Pregnancy brings a wide variety of changes to your body. Many of them are incredible and like your growing baby bump and feeling your baby kick for the very first time. However, it can also bring along a lot of strange, uncomfortable aches and pains. Since this is my fifth pregnancy, I can recognize most of them. This time however, I've experienced something completely new and wanted to share with you what I learned.
In the second and third trimester I (along with most women) usually experience some back pain. Most of this is from the growing baby and the changing hormones, and is mild to moderate. Over Halloween weekend I noticed a twinge in the middle of my back, radiating around my left side into the rib area. I chalked it up to the heels I wore on Halloween and figured it would be better the next day. Unfortunately it was not - instead it felt like a sharp jabbing pain whenever I moved, and the more I continued to do around the house the worse it felt. It hurt to touch and got to be so bad that I couldn't get comfortable even sitting in a chair. I ended up going to bed extremely early one evening only to toss, turn, and moan.
I made a chiropractic appointment the next day and found out that I had a rib dysfunction and inflamed intercostal muscles. A rib dysfunction occurs when one of the joints that attaches the rib to the spine gets strained or irritated and cannot move properly. It can then cause inflammation in the intercostal muscles, which are the ones between your ribs. So why did it happen? In my case, I probably strained it on Halloween night while we were trick or treating when I picked up the 30-some pound toddler or bent wrong getting out of the van, something like that. However, I also have a few habits that can contribute to rib and back pain as well. After talking to my chiro and doing some research, I've found 5 easy things you can do to avoid back and rib pain during your pregnancy:
1. Avoid repetitive movements: As a mom, I do a lot of the same tasks from day to day and a lot of them involve repetitive movements like bending to get laundry out of the dryer, sweeping the kitchen floor, scrubbing dishes over the sink, etc. While these aren't harmful or bad things to do, they can put strain on your muscles when done over and over. Stretching and gentle exercise can help keep your body limber and flexible. Be sure that you're taking it nice and easy when doing chores or work - try to avoid twisting movements and working for long periods! And don't be afraid to enlist help from kids, husband, other family members, and friends when possible. (As a side note: I know it can be hard to accept help. I recall telling someone who tried to carry something for me during one of my pregnancies, "I'm not dying, I'm pregnant!" But when it comes to your health, sometimes you do have to ask for help.)
2. Bend and lift correctly: I'm sure you've probably heard that old adage - "lift with your legs, not your back." Well, it's true! When you lift using your back, you're just asking to pull or strain the muscles in it. Squatting can be gentler as can bending with your knees. Try to avoid lifting heavy things. That is a hard one for me since I have two small children who do require lifting at certain times. I relied on babywearing a lot and it was extremely helpful, but unfortunately I've had to "hang up my carriers" for the moment. I have an older child I have enlisted some what to help me during the day but have also made a point to have the toddler sit with me in a chair or on the couch, and have had to encourage him to independently do some more things, with me standing by to watch/help if needed.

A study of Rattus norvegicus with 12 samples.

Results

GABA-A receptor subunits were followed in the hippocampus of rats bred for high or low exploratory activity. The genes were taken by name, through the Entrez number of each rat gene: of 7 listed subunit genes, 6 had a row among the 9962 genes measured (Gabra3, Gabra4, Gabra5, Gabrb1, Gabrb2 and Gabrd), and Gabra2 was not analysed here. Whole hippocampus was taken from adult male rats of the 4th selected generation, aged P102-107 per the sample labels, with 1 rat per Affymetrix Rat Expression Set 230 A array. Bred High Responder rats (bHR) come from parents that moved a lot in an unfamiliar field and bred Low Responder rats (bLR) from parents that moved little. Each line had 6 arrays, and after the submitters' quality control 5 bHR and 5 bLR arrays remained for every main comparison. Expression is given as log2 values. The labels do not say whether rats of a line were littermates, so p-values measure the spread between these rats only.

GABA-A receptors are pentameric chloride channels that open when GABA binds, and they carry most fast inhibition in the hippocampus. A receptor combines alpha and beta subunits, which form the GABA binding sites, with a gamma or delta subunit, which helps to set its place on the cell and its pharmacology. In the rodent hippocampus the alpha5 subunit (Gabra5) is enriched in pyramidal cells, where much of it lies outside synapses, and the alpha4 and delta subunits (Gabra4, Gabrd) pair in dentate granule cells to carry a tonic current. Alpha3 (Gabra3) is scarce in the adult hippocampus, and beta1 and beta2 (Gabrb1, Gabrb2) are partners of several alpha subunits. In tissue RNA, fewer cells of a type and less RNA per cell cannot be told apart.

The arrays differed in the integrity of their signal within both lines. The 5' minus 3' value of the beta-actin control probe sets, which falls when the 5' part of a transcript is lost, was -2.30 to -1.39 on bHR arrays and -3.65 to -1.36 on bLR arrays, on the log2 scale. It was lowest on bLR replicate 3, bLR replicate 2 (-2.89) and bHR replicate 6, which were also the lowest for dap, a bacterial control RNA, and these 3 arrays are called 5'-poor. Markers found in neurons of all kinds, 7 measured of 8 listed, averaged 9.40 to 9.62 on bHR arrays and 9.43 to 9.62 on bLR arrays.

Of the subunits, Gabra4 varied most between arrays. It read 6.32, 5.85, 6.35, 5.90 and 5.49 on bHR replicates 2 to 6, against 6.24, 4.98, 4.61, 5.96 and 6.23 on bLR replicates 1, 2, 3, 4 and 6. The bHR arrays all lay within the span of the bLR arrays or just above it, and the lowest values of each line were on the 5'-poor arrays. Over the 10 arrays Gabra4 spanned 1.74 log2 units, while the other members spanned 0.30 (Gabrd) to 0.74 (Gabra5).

3. Practice good posture - It may sound silly, but if you don't have good posture, you slouch or slump a lot, or if you have a lot of "comfy" furniture that you sink in, that is probably contributing a lot to your back and rib pain. I didn't really think about it at the time I started experiencing pain but one of our couches is very
4. Pillows and other support - And speaking of good posture, one thing that can help with that and with back pain in general is support. My comfy couch situation can be remedied by pillows, as can finding a comfortable sleeping position or sitting to nurse the baby. Full body pillows are great for sleeping and normal sized ones work for propping up baby when he needs to nurse or to stick behind my back/sides when trying to get comfortable sitting. Wear comfortable, loose fitting clothing. Underwire bras, restrictive or tight tops, and other form fitting clothing can make your muscles ache. Wraps or pregnancy support belts can be useful as well to help your belly and back - talk to your medical provider when trying to determine if you need one.
5. See a chiropractor - Finding a good chiropractor to help get you straightened out and adjusted is key. Mine told me lots of different things to do and I felt loads better the day after seeing him. I went for a follow-up appointment with him today and was amazed at how much I had improved in just a week, after almost a week of very serious pain. Even if you apply all these things I listed above, the chiropractor can make sure there isn't a more serious problem, diagnose exactly what your individual issues are, and will have good advice on things to do to help.
Disclosure: I know I probably don't need to add this but just wanted to make sure you know...I'm not a medical professional and this is just my advice from things I have learned while doing my own research. Please talk to your doctor, midwife, or chiropractor if you have back or rib pain during your pregnancy.